I was born in 1978. Let’s get that out of the way. At the time of writing, I turn 39 in less than 2 months and at my current job, the mean age of my colleagues is probably 24, so yes, this gen-x’er is surrounded by millennials.
I can already hear the collective groan from those in my age group who are reading this but allow me to explain why, so far, working with these guys has produced the following epiphanies…
A telltale sign of getting old is not recognizing 90% of current music
The work environment is very casual so music can be heard playing all day at the office (a little too loudly at times, I’m embarrassed to admit) and folks can request for songs to be queued up on the playlist in a Slack channel. It’s been a long time since I visited said channel because the last few times I did, I was bewildered at how unfamiliar almost all the songs and artists I came across were. Sure, once in a while, some enlightened soul will ask for Stevie Wonder’s Superstition or even some heavy rock or metal (once, a guy had the balls to request for Blood and Thunder by Mastodon! Respect!) but most of the time it’s bands with names like Hickies Are So Last Year (not a real band) and Toilet Seat Down (also not a real band).
My aging brain cannot keep up with online group chats
There was a time I lived for engaging, meaningful online group conversations about philosophy, impoverished nations, and quantum physics. I used to really enjoy talking shit with my friends via ancient group chat programs like ICQ and IRC – it blew my mind to learn recently that ICQ is still around! These days, people at work use Telegram and I am part of two separate group chats there. My phone buzzes pretty constantly from incoming messages and when I open the app up to check, I get overwhelmed by the emojis (I still call them emoticons, thank you very much) and wacky stickers that I seriously cannot keep up with the conversation most of the time so I end up not really participating. So much so that in fact, people in the chat make a big deal whenever I have a bit of input in the conversation. “Hey, everybody! He just commented! Whooo!”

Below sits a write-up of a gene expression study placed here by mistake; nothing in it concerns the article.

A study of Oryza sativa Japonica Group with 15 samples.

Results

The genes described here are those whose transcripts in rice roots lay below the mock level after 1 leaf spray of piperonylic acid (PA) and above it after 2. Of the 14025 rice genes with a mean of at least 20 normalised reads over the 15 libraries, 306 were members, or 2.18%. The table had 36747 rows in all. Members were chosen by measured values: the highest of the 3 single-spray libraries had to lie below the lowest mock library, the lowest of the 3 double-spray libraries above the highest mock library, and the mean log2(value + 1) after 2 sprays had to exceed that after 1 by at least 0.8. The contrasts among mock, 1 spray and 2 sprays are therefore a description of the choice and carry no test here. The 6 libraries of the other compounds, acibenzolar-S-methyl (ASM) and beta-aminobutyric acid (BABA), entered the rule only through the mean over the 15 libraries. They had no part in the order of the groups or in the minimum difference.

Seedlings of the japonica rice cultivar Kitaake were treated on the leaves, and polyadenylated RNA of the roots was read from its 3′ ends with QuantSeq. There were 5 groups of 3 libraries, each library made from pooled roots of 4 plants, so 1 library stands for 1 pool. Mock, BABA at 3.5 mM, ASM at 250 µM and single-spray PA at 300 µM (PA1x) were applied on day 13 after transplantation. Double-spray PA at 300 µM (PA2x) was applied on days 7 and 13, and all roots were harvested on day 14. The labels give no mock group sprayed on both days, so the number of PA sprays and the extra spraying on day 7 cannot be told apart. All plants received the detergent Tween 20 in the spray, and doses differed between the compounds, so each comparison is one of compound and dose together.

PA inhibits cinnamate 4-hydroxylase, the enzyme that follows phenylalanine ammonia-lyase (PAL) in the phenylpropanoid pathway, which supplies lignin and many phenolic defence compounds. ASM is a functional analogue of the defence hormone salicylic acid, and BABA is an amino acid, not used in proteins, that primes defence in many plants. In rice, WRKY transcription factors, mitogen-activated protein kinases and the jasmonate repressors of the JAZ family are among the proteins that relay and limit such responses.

I blame Grunge music for my pessimism
I’ve found that folks whose music-related formative years were the nineties generally have a bit of a cynical, sarcastic way of looking at the world. I had colleagues who were my age in previous jobs and we all shared this skeptical, nay-saying approach to handling most things. This first dawned on me when a much younger co-worker from a few years ago took notice of my Facebook posts and comments and could not help but ask me, “Why are you so negative on Facebook?” To my defense, what he viewed as negative was just my dark, self-deprecating sarcastic tone and humor but this definitely made me realize what I mentioned above.
There’s more to being a millennial than the sense of entitlement
Some, if not all, might be aware that millennials, besides being renowned for having a tremendous sense of entitlement, also have a great positive, can-do, the-world-is-our-oyster outlook in life. Guys and girls from work have this characteristic in spades and wouldn’t you know it, it’s bloody contagious! It is totally refreshing to be around this type of energy where people genuinely want to help you improve and cheer you on when you actually do. Coming from more traditional, corporate work environments (I now work for a San Francisco/Silicon Valley start-up that is based in Manila – more on that in Episode 2) which are laced with politics and a trait Filipinos are infamous for, called crab-mentality, the positive, almost hippie-like attitude is a breath of fresh air for my otherwise polluted, contemptuous soul.
See what I mean about the effects of growing up listening to Grunge?